Can the Federal Reserve achieve its dual mandate of low unemployment consistent with price stability? It’s achieved low unemployment, but it has been lacking in its inflation mandate, which has shown few signs of a meaningful acceleration so far. Fed officials are reluctant to raise the short term interest rates they control quickly, only doing so at a hesitatingly gradual pace until they can be more assured inflation will rise toward its target. Its failure to do so prompts the questions of whether the soft inflation is temporary, and due to factors that will fade or even reverse, or it is from some more entrenched, permanent fixture in the economy, whose origins may as yet be unclear.
This dilemma of inflation not responding to traditional monetary policy solutions as it once had done invites many questions. One pair of questions might be whether inflation is determined by demand, as we argue in our paper that explores these issues in depth, or is it determined by costs, particularly wages? In other words, does inflation originate from the need to pay workers higher wages when job openings become hard to fill, as is conventional wisdom? Or does inflation originate from consumer spending, sourced, in this case, from the proportion of the population in their peak earnings years relative to other age groups?
The prevailing economic argument is that, when unemployment falls low enough, there will be too few qualified workers willing to work at wages on offer. Companies would then be forced to pay higher wages, and pass along those higher costs to customers in the form of higher prices. This concept is known in economics as the Phillips Curve. Historically, it has had a visible relationship with inflation, and in particular wage growth: When the unemployment rate fell, inflation rose almost in tandem.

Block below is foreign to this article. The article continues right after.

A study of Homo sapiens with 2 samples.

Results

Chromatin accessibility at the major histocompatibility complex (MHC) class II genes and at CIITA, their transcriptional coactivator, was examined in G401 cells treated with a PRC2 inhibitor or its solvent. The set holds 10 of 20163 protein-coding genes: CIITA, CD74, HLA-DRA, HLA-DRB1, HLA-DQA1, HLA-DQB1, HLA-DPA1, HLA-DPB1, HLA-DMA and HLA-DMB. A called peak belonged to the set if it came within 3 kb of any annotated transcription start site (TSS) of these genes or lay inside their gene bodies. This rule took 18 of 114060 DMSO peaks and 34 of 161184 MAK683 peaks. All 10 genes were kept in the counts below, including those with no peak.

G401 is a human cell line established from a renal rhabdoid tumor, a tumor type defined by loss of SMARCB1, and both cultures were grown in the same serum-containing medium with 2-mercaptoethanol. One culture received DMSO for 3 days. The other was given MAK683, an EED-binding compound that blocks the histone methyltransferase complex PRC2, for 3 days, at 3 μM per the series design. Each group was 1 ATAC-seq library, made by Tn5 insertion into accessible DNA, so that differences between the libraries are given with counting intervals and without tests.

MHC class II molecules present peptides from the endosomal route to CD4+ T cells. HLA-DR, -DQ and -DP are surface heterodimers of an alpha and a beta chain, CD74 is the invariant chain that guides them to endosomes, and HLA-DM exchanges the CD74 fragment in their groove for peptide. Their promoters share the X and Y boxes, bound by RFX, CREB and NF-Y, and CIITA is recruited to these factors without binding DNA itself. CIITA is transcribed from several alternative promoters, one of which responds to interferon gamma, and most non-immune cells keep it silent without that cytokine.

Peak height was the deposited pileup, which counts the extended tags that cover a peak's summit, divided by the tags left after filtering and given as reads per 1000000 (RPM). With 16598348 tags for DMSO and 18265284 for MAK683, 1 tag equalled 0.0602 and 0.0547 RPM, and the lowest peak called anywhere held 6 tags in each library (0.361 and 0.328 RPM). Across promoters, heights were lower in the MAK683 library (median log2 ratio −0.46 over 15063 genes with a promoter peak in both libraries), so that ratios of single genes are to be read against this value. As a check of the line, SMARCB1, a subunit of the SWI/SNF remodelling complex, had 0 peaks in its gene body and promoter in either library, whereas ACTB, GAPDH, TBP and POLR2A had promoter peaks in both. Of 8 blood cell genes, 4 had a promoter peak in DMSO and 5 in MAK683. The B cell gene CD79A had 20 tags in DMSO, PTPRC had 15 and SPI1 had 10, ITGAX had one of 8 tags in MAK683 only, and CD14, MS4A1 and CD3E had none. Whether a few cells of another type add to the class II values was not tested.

But this argument hasn’t held true in recent years. Something seems to have shifted in the economy, and Fed officials and economists have taken note. It is a puzzle, and while we won’t attempt to solve it here, we can point to another factor: Inflation may now be driven not just by labor and other input costs as it had in the past. Instead low inflation may also result from an aging population with a growing number of retirees and very little growth in the labor force of prime age workers.
In this line of thinking, lower interest rates alone might not result in more demand and higher inflation. But artificially keeping interest rates too low in the hopes that it will revive inflation of goods and services risks a different type of inflation, that of asset prices. When, as a result of too-loose financial conditions, the prices of homes, buildings, stocks, and bonds become divorced from their fundamental, intrinsic value, financial stability could be eventually put at risk.
Thus, there is perhaps a compelling case to focus not on too-low real economy price increases, but by financial market prices that eventually may become too high. We are not saying that asset prices, while arguably pricey, are now unequivocally grossly overvalued by any means. However, we are pointing out that central bankers may emphasize any emerging risks from overly accommodative monetary stimulus applied for longer than the economy might need. Indeed, the Fed is mindful of these issues and actively discusses financial market conditions in its deliberations.
Not surprisingly, this puts the Fed in a bit of a dilemma. Listening to individual Fed officials speak on the subject of monetary policy, you’ll hear just how varied some officials’ views are on the subject. And looking at the wide range of where individual policymakers believe the short term rates would (or should) be in a year or two’s time, and you’ll similarly get a perhaps-perplexing view of where rates might end up. We’ve examined a very complex issue from just one angle, that of demographics. There are many other facets to these considerations besides what we’ve covered here. The role of a central banker is far from easy, to be sure.